This column first appeared in the San Antonio Express News and other Hearst Newspapers on June 11, 2019.
Dear Mr. Premack: My mother-in-law left her home to her three children. There is no mortgage. My wife’s sister Jane is Executor of the Will. My wife Liz died, and left everything she owned to me in her Will, which I probated and became Executor. We had rented that house for two years, but two months after my wife died her sister told me to move. Then she left the house vacant for two more years. I want to cash out my portion of the house. Can I buy them out with a partition? - AV
When a Will is probated, the Executor takes an oath to fulfill its terms. However, Texas law does not put the Executor on a specified timeline to accomplish the distribution of assets. Still, an Executor cannot wait forever and practically, your wife’s sister as Executor should have taken action years ago.
Her obligation under the Will is to distribute ownership of the house in equal shares to the three adult daughters. She could accomplish that by selling the house and distributing the money, or she could have signed an Executor’s Deed removing the house from the estate to vest title in the name of the three daughters. I can tell from your letter that the house was not sold, but cannot tell whether it is still in the name of the estate or has been transferred to the adult children.
When your wife died, she left a Will naming you as sole devisee to her assets. Since she outlived her mother, she is entitled to a ⅓ interest in the house under her mother’s Will. As her Executor, you have the power to claim and transfer that ⅓ interest to yourself as devisee. [Note that if your wife had died before her mother, then the terms of her mother’s Will would have dictated the outcome. If her mother had said, for instance, “If my daughter Liz dies before me, her share will pass instead equally to my other daughters” then you may not have received the same interest in that house.]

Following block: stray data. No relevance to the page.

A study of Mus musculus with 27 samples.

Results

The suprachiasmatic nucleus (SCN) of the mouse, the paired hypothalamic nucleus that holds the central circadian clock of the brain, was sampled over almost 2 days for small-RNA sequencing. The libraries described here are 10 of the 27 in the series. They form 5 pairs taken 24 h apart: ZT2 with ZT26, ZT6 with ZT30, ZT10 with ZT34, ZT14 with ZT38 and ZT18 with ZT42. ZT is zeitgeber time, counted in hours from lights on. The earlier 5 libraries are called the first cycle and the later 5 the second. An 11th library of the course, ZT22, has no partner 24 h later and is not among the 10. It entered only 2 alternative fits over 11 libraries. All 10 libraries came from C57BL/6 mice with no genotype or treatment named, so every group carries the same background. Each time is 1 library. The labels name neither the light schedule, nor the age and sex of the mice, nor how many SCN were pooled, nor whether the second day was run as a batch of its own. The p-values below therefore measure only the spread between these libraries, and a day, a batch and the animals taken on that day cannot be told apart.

Since you do, however, legally have a ⅓ interest in the house, your rights are determined by how title is held. If title is still in the estate, then Jane as Executor still controls the house. You cannot yet file for partition of the property. Instead, you must have your lawyer file a motion with the court questioning why the property has not yet been distributed. The court should require her to sell or distribute title to the property after so long a delay.
If she has already signed an Executor’s Deed conveying the property to herself, your wife, and the other sister, then 1) you should ask your lawyer to file an Executor’s Deed in your wife’s estate showing that you own her ⅓ interest in the house, and 2) you have equal rights with the two sisters to use and occupy the property, or to come to an agreement regarding the sale of the property.
If you ask the two sisters to sell and they refuse, then you can invoke the Texas Uniform Partition of Heirs Property Act. Refer to my column of November 9, 2018 for details on that law, when it applies, and how it is used.
Paul Premack is a Certified Elder Law Attorney with offices in San Antonio and Seattle, handling Wills and Trusts, Probate, and Business Entity issues. View past legal columns or submit free questions on legal issues via www.Premack.com.